Whoever said that rules were made to be broken wasn’t kidding. There is an important place for rules to establish order in society and even in business, but in most cases, it behooves you to approach your business with standards, instead of rules.
For example, take this bag of carrots that I purchased recently.
If you flip over and look at the label, you will see that ingeniously, the ingredients are labeled as such:
Yes, who would have thought that the ingredients in a bag of carrots would be…carrots. Now, why do they bother? Because there is a rule that says food needs to be labeled. But in reality, it makes sense to have some stipulations and exceptions to the rule, such as if the only ingredient is the food inside of the bag, there’s no need to list it.
You probably have rules in your business when it comes to customer service, return policies, email protocol and more (if you don’t, that’s an entirely different problem to deal with). But wouldn’t it be better to use some common sense and have standards instead? Have a standard, but empower your employees to use their best judgment when handling issues, because there is almost always a logical exception to the rule.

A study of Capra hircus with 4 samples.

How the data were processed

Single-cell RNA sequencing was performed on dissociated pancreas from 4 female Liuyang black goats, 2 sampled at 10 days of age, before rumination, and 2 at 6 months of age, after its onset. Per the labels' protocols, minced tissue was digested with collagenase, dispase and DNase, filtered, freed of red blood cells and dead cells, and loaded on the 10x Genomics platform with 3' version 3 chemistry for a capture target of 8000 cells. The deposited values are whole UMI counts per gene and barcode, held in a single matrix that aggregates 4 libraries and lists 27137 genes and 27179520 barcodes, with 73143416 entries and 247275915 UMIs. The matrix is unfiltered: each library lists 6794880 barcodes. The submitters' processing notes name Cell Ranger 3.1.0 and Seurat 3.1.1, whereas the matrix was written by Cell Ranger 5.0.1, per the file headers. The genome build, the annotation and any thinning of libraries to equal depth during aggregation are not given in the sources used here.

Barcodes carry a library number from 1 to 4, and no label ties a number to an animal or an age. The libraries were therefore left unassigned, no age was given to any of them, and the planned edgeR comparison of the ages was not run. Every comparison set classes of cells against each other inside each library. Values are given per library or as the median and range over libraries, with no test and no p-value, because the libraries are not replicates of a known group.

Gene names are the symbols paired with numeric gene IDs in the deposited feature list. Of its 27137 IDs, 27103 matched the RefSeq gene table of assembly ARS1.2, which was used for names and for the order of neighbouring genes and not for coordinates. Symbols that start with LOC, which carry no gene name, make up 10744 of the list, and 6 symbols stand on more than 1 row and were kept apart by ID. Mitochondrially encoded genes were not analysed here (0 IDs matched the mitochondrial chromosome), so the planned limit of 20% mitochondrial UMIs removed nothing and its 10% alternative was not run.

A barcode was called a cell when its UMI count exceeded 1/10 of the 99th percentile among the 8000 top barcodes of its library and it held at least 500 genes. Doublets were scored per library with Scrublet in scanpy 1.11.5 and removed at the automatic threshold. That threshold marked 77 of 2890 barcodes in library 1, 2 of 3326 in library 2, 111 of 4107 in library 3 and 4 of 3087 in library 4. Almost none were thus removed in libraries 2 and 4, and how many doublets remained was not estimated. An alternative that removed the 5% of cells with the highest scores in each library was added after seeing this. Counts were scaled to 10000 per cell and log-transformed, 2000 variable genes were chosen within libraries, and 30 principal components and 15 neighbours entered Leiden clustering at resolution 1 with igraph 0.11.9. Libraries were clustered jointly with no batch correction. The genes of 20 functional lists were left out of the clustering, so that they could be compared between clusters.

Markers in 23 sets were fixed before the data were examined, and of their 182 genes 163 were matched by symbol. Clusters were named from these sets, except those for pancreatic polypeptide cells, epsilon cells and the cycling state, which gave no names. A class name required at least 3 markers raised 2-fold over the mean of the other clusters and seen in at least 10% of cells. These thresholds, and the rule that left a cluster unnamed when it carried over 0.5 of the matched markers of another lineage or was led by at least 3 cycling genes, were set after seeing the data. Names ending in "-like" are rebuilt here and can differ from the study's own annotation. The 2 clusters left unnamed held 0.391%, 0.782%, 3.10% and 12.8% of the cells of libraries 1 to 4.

This way, you get the best of both worlds, really. You have a standard system for employees to follow, but also give them the ability to make a customer happy or rectify a situation when common sense dictates a different outcome.
This should lead to happier employees, better morale and more happy customers. Because who wants to do business with a company that is so stringent that they would- by choice- label the ingredients in their bag of carrots.